Art in Focus: Siobhán Hapaska – Snake and Apple
Sculpture reflects a world of discord and uncertainty
Detail from Siobhán Hapaska’s Snake and Apple (2018) (aluminium, artificial snakeskin, fibreglass, stainless steel, two-pack acrylic paint, lacquer). Photograph: Courtesy Kerlin Gallery
What is it? Snake and Apple (2018) is a sculpture by Siobhán Hapaska.
How was it done? Hapaska is known for using an exceptionally wide range of materials (including concrete cloth, for example, synthetic fur and various industrial elements) in unpredictable, even incongruous combinations. Not in an arbitrary way, however. All the evidence is that she is extremely interested in and careful about their precise character, the ways they interact and what they imply. She is also open to combining realist and abstract idioms, as happens here, in a kind of aesthetic and sensual short-circuiting.
Snake and Apple presumably alludes to the story in Genesis in which Eve is tempted by a serpent to eat the forbidden fruit, traditionally pictured as an apple, of the Tree of Knowledge. The serpent was often depicted coiled around the tree trunk. In Hapaska’s sculpture, snakeskin (artificial) is mounted on the surfaces of a right-angled scaffolding of metal beams, the “tree”. The apples are giant red baubles (fibreglass finished with acrylic paint and shiny lacquer?) supported by the structure. Hapaska is drawing on the biblical narrative of the Fall, harnessing its energy, so to speak, and reworking it in a more open, ambiguous way, freeing interpretative possibilities.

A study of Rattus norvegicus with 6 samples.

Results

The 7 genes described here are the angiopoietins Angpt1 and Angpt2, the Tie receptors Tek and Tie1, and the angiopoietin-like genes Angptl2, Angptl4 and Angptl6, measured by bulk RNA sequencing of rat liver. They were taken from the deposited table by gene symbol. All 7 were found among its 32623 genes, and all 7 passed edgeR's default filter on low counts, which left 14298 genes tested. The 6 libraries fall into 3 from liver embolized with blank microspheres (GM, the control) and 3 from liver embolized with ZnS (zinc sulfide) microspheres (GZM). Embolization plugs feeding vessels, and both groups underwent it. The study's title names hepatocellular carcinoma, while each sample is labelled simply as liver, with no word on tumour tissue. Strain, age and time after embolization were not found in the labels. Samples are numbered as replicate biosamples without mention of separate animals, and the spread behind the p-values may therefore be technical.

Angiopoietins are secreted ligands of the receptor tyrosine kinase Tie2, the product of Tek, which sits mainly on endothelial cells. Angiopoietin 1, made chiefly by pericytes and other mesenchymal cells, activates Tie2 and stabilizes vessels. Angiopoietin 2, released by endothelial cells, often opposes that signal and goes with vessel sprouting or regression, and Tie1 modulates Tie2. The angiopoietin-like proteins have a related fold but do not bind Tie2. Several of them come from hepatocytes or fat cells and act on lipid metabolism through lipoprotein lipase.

Where can I see it? Apple and Snake is included in the group exhibition Shadowplay at the Kerlin Gallery, Anne’s Lane, South Anne St, Dublin (July 12th to August 28th kerlin.ie). As well as the sculpture by Hapaska, the show features work by Willie Doherty, Aleana Egan, Liam Gillick, Callum Innes, William McKeown, Kathy Prendergast, Daniel Rios Rodriguez and Sean Scully.
Is it a typical work by the artist? Hapaska’s work can vary widely, however Snake and Apple is typical in the way it is so definitely stated – and disconcerting. In one deceptively neat formal package we are being asked to accommodate a cascade of different ideas. We are not allowed to feel too comfortable about what we see and actively encouraged to ask what is going on.
Hapaska was born in Belfast. While her art studies were entirely in London, at Middlesex Polytechnic followed by an MA at Goldsmiths College, it is tempting to ascribe her liking for unlikely, even jarring combinations and discontinuities, and her suspicion of neat formal harmony, to her early experience and awareness of a conflicted, divided society. Even though you could describe her work as immensely polished, it invariably has a spiky, almost truculent presence. Its undoubted coherence is hard-won, even contradictory, emerging from a tricky synthesis of divergent materials, ideas and images.
She has shown widely internationally and exhibits regularly at the Kerlin Gallery in Dublin and Andréhn-Schiptjenko in Stockholm, Sweden. Most recently, Andréhn-Schiptjenko featured her work at Art Basel 2019.